Boys don’t cry


Joel Garibay (Made with Canva)

Because of toxic masculinity men aren’t allowed to express emotions.

Gender roles between men and women have always burdened the emotions and freedom individuals have over themselves. The hardships that males go through go unnoticed as males are pushed to fit into the norms that define a man, such as being emotionless, strong, and “manly.”

As boys grow up, they often are met with high standards to become a “man.” Boys are taught that showing emotion is a sign of weakness. They need to stand strong and be aggressive in anything that they do. Those who don’t follow these standards are looked down upon. 

According to the website verywellmind, “Toxic masculinity isn’t just about behaving like a man. Instead, it involves the extreme pressure some men may feel to act in a way that is actually harmful.” 

This means that men oftentimes force tough, anti-feminine, powerful behavior in order to adhere to what society tells them to be.

Men are also discouraged from seeking mental health treatment as a result of toxic masculinity. For example, depression, anxiety, drug and alcohol abuse, and mental health issues may be viewed as signs of weakness.

According to a 2015 study, men who believe in traditional notions of masculinity have a more negative attitude toward seeking mental health services than men who believe in more flexible gender attitudes.  

Toxic masculinity may also emphasize that it is inappropriate for men to express their emotions. Isolation and loneliness can be amplified by avoiding conversations about problems or emotions. Loneliness may be magnified as a result of this. It may also reduce men’s willingness to seek help when they are suffering from a mental health problem.

Math teacher Octavio Camacho, said “I don’t think it’s conducive for anybody to go through something like that. Why? Because I think you’re setting an unrealistic expectation.” 

As young boys grow up and are susceptible to anything that they are taught, the traits of toxic masculinity ruin them. Like nipping the flower at the bud, toxic masculinity stunts any personal growth and potential a boy can have with the unrealistic expectations it sets. 

Most boys are often faced with the reality that if they don’t conform to the beliefs that they see from their parents, peers, or society, they will be disappointments and outcasts.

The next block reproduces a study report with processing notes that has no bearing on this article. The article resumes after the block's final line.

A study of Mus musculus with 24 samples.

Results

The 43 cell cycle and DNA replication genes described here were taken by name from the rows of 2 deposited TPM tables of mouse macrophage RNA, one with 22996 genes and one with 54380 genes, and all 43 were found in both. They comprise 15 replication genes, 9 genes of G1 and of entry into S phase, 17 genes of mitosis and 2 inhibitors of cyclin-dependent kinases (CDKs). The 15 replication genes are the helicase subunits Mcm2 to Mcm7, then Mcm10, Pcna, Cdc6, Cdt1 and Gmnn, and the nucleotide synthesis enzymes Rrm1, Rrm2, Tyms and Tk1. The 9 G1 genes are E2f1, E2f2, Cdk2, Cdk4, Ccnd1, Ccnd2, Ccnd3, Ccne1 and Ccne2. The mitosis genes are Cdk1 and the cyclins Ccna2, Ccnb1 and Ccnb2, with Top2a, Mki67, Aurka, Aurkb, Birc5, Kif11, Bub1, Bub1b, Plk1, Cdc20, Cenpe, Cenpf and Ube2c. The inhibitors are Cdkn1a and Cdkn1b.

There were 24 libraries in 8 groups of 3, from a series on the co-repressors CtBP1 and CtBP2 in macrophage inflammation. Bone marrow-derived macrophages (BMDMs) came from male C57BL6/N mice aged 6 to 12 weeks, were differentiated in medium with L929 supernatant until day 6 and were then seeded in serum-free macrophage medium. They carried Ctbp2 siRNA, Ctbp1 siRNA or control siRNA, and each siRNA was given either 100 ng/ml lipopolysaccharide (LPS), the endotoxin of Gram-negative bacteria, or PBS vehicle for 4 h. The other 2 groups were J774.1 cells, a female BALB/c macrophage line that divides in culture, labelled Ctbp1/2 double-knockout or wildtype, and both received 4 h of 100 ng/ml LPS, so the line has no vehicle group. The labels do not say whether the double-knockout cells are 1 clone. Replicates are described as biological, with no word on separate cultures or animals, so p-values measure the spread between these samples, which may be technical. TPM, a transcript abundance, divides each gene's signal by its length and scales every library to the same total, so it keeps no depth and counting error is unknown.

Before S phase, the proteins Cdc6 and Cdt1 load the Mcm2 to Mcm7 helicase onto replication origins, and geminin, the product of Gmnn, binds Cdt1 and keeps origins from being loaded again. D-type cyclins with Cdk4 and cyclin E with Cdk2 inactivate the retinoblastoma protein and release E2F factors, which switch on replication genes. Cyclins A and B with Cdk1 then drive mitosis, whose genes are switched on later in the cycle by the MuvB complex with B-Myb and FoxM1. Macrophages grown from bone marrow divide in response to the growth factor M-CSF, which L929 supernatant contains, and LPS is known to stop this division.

Senior Matthew Adrian shares this experience with toxic masculinity. 

“I put my hands on my hips to rest. And then I hear my dad say, ‘Why are you standing like that? You look like a f**got.’ It’s a very vivid memory in my mind,” Adrian said.

Aggression can lead to violent tendencies, and that can be very harmful to any relationship that a man goes into.

U.S. History teacher and father of three daughters, Rafael Ramos, shares what he thinks about raising his children to break the cycle of toxic masculinity. 

“Of course, parents should discipline their children. But something that I wasn’t aware of is because I’m a male, you know, in the way that I discipline them. Are they picking up ‘Oh, I see that the male’s the male role is to be the dominant one.’ And then they’re going to pick that up in their relationships with men,” said Ramos.  

Toxic masculinity is a generational issue; it has been passed down from generation to generation. 

“I never blame my dad. I think toxic masculinity is not something that you adopt. It’s something of a pastime that’s been passed down for generations. If someone has those mindsets and those ideas that they believe are true, it is difficult to change. It’s not something I can change about my father, and it’s not something I blame them for. It’s something he’s learned from his father. And I’m just breaking the cycle,” said Adrian.   

Gender roles are toxic to everyone. Every person deserves to be valued for who they are, and everyone deserves to express themselves without gender roles and expectations holding them down.

“I think we’re much better than the previous generation now. With just the overall acceptance of people in general. And just how open we are to new things and new experiences and new people. I think we’ve made a kind of breakthrough with how accepting we are, but there’s still a lot of room to grow,” said Adrian.